It is seven weeks since a world of social distancing and omnipresent hand sanitiser was visited upon us. Human beings, being adaptable creatures, have changed their behaviours and lifestyles to accommodate these new social strictures. But which of them will last and what impact will they have on our lives as we cross the metaphoric bridge and move forward into the broad sunlit and COVID free uplands? (Please forgive the mixed misquoting!).
Much will change in Australia and even more throughout the world. Rather than try and predict it all, I will focus on one trend which I think will affect our Australian society over the medium term – I’ll call it ‘smaller villages’.
We have long been told that the world has become a ‘Global village’ – and no one has embraced this ‘Global village’ more than Australians. Whether by dint of our size, our isolation or our insecurity, we have enthusiastically engaged with the world through trade, investment and travel (inbound and outbound). Our communities have been deep, broad and extended.
Our desire to re-engage with our immediate communities – work, sport, families and friends – is palpable. But the size of the communities with which, until recently, we directly engaged – that is our ‘village’ – is set to shrink through a combination of mandatory restrictions and voluntary behavioural changes.
Prohibitions on international and domestic travel will excise the rest of the world, and in the shorter term the rest of the country, from our ‘village’.
New online habits have been learned in recent months. Zoom meetings have replaced interstate business travel. ‘Tele-health’ consultations have replaced trips to the doctor’s surgery. Microsoft Teams has replaced personal Court appearances by lawyers and clients. An increase in online banking has led CBA to temporarily close an additional 114 of its ~1,100 branches. These changed behaviours will continue, ensuring that we remain closer to our ‘village’ and lose many of the incidental human interactions which come with such trips.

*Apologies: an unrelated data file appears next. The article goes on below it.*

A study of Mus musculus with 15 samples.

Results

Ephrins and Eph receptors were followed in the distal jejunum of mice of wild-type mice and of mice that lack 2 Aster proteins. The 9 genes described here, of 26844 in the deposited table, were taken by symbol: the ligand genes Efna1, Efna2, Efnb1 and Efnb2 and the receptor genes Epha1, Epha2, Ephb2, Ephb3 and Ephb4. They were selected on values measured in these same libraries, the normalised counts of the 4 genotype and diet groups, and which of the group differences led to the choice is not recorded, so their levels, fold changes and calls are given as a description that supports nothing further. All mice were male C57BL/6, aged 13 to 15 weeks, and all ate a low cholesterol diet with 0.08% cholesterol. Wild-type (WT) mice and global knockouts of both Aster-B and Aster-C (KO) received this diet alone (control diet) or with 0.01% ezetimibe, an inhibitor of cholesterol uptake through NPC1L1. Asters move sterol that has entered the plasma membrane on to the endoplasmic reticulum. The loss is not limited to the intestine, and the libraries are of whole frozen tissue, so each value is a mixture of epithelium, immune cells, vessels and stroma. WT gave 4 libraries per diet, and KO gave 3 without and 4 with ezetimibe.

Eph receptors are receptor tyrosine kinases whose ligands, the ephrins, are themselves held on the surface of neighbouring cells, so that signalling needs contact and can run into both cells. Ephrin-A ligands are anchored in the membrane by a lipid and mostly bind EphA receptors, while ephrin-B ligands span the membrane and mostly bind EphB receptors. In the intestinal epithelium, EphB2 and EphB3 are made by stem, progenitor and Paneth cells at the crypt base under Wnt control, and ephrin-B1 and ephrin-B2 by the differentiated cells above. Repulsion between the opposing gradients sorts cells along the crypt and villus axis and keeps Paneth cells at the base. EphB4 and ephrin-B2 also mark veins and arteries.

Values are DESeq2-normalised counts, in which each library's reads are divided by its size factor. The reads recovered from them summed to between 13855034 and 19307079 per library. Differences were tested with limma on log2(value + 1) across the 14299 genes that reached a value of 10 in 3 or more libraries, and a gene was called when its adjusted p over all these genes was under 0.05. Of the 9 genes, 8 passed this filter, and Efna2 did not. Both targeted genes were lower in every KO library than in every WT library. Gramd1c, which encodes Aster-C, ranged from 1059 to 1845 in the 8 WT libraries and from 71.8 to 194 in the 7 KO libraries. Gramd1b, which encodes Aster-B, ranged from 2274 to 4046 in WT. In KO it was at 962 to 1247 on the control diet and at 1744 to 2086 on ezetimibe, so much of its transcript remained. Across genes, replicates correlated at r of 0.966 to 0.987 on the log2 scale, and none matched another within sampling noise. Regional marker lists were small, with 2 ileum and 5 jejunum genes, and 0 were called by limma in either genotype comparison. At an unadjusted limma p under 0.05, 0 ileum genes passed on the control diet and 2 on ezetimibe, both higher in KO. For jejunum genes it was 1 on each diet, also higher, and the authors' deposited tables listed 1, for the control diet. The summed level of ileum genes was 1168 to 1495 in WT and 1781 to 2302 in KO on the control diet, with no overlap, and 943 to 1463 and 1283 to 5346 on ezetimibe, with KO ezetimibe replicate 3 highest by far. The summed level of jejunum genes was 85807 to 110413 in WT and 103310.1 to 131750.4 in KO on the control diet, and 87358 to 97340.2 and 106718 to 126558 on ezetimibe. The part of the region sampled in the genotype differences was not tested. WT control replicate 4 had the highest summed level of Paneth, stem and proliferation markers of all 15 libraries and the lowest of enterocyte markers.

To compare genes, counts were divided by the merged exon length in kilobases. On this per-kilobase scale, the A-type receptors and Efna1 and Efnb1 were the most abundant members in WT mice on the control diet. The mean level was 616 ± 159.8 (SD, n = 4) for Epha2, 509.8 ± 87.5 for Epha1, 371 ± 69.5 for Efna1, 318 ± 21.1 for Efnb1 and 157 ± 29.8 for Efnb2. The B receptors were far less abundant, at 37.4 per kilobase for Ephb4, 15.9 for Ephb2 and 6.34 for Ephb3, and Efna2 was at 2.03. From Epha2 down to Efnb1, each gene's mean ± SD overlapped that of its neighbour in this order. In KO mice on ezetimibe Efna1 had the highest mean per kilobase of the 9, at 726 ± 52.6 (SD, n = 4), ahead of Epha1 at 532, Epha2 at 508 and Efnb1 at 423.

For every day someone chooses to continue to work from home (and many will), there is one less person in the office, the City or elsewhere – and one more person in their local ‘village’.
For some there is a growing mistrust of other countries. For many, there is a heightened awareness of the struggles our ‘village’ neighbours face in their small businesses. This is likely to lead many to ‘buy local’, favouring smaller local suppliers over larger chains and importers – and perhaps spend more time at our local ‘village’ stores rather than at shopping centres.
A common human reaction to economic stress is to reduce expenditure and increase savings. Following the GFC, savings rates in Australia increased from ~2% to ~10%. A recent survey indicated that, once COVID restrictions ease, only 15% of Australians intend to return to their pre-COVID spending habits – that is almost six in every seven people intend to reduce their expenditure. That means less discretionary spending on things like pubs and restaurants. Maybe during these COVID restrictions we have learnt to enjoy the company of smaller, closer groups. Perhaps a combination of frugality and a preference for the intimacy of meeting in smaller groups (particularly if our restaurants impose unsociable distancing requirements) will see us entertain more at home – again, staying in our ‘village’.
It has been remarkable to see the number of families inundating local parks on sunny autumn days. They seem happy, relaxed, contented. I bet that two months ago they looked hassled, racing from ballet classes, to taekwondo and cello lessons – and then to school sport, club sport and heavens knows what else. Perhaps they will look wistfully at these carefree days at home or in the park and decide their children don’t need organised activities crammed into every waking hour. Perhaps one day a week at home or in the local park with the family might be more rewarding and relaxing for the whole family. Another shift to a ‘smaller village’?
Each of these behavioural shifts to a ‘smaller village’ are entirely possible, but when one adds to the mix people’s concern about their health, these shifts become likely. People, and particularly older people, will be more cautious about their health. They will take less risks on unnecessary social interactions. These reduced social interactions will compound the effect of each of the trends I have mentioned.
So there we have it – in less than two months, we have the ingredients to transform us from living in a ‘global village’ to living in a ‘local village’. That is not to say that we won’t stay connected globally through technology and social and other media. Rather, our most personal interactions are on the whole, likely to be much closer to home than they have been for a decade or longer. And from my personal perspective, that is not a bad thing!